The Three Biggest Aviation Advances From This Year

Hover Craft

Engineers are designing the first major addition to the U.S. VTOL fleet in more than two decades. The plans are mostly secret, but the craft will likely draw from tilt-rotor, VTOL fixed-wing, and compound helicopter technologies.

Nick Kaloterakis

How RFID tags, carbon-fiber airframes, and battery sensors will change the course of flight.


A regular addition to cellphones and bank cards, radio frequency identification (RFID) tags are creeping into airplane cabins. With tags in life vests, seats, medical kits, and other frequently inspected equipment, attendants can cut down inspection times tenfold, saving money and improving plane turnarounds.

Carbon-Fiber Airframes

Carbon fiber is much stronger and stiffer than aluminum. Boeing’s 787 Dreamliner was the first airliner to use a predominately carbon-fiber airframe. The Airbus A350 will join it this summer. The lighter frames allow increased fuel efficiency, and a stronger fuselage allows more comfortable cabin pressures.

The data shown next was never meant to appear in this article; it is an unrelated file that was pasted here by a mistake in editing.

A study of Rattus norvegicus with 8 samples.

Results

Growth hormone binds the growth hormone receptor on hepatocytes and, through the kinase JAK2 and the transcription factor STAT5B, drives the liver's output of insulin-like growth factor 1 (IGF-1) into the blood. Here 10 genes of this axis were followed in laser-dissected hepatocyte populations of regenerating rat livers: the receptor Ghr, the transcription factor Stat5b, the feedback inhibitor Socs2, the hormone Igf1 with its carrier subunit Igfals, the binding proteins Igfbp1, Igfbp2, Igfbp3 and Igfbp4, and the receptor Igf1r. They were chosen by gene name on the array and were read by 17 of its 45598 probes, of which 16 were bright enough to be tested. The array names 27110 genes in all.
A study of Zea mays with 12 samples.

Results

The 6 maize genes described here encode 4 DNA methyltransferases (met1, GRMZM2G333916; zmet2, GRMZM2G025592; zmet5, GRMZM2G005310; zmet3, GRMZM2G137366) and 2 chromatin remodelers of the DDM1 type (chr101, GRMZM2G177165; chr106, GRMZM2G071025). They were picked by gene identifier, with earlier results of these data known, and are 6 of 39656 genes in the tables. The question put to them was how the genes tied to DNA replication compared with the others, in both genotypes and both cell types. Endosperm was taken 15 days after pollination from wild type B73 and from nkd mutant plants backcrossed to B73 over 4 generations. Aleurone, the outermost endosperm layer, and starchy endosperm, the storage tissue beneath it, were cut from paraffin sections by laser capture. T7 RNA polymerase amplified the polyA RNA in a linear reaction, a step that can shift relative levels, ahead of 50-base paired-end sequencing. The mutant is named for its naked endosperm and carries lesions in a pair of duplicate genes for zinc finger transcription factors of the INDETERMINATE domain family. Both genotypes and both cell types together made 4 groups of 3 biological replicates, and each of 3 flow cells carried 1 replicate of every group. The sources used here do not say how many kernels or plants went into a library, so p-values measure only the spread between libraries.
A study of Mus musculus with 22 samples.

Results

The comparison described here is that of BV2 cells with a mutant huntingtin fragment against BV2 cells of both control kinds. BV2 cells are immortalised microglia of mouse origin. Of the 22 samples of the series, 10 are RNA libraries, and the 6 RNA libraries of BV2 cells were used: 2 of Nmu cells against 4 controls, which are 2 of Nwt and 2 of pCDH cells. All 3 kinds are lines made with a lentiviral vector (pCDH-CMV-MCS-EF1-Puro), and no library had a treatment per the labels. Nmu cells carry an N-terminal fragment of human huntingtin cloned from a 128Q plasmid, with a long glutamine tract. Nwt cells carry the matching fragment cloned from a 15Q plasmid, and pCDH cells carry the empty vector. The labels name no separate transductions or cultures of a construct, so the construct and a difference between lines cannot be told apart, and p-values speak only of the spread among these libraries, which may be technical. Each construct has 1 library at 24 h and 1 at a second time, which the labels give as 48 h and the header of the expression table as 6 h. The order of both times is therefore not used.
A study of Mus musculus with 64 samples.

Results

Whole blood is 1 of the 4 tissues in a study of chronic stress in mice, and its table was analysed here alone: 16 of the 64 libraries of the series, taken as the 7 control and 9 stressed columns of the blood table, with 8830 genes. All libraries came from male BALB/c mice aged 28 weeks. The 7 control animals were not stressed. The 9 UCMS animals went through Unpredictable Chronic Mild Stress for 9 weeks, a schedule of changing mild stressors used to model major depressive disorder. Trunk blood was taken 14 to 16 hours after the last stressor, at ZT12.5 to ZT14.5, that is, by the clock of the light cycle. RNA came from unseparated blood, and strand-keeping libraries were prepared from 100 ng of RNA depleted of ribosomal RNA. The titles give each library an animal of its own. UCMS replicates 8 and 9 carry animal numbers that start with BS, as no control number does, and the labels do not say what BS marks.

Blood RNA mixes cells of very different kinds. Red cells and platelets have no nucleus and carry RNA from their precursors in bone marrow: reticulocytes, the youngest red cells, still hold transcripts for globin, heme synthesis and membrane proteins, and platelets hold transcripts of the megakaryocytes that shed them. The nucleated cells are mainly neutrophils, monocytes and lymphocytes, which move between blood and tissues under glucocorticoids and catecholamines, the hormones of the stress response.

Battery Sensors

Batteries are little black boxes of chemistry, and when they fail, it can be hard to diagnose the problem. Scientists at PARC have embedded batteries with fiber-optic sensors. With internal data, engineers could optimize performance in real time or pinpoint the source of a problem to fix the trouble in future designs.

This article originally appeared in the July 2013 issue of Popular Science. See the rest of the magazine here.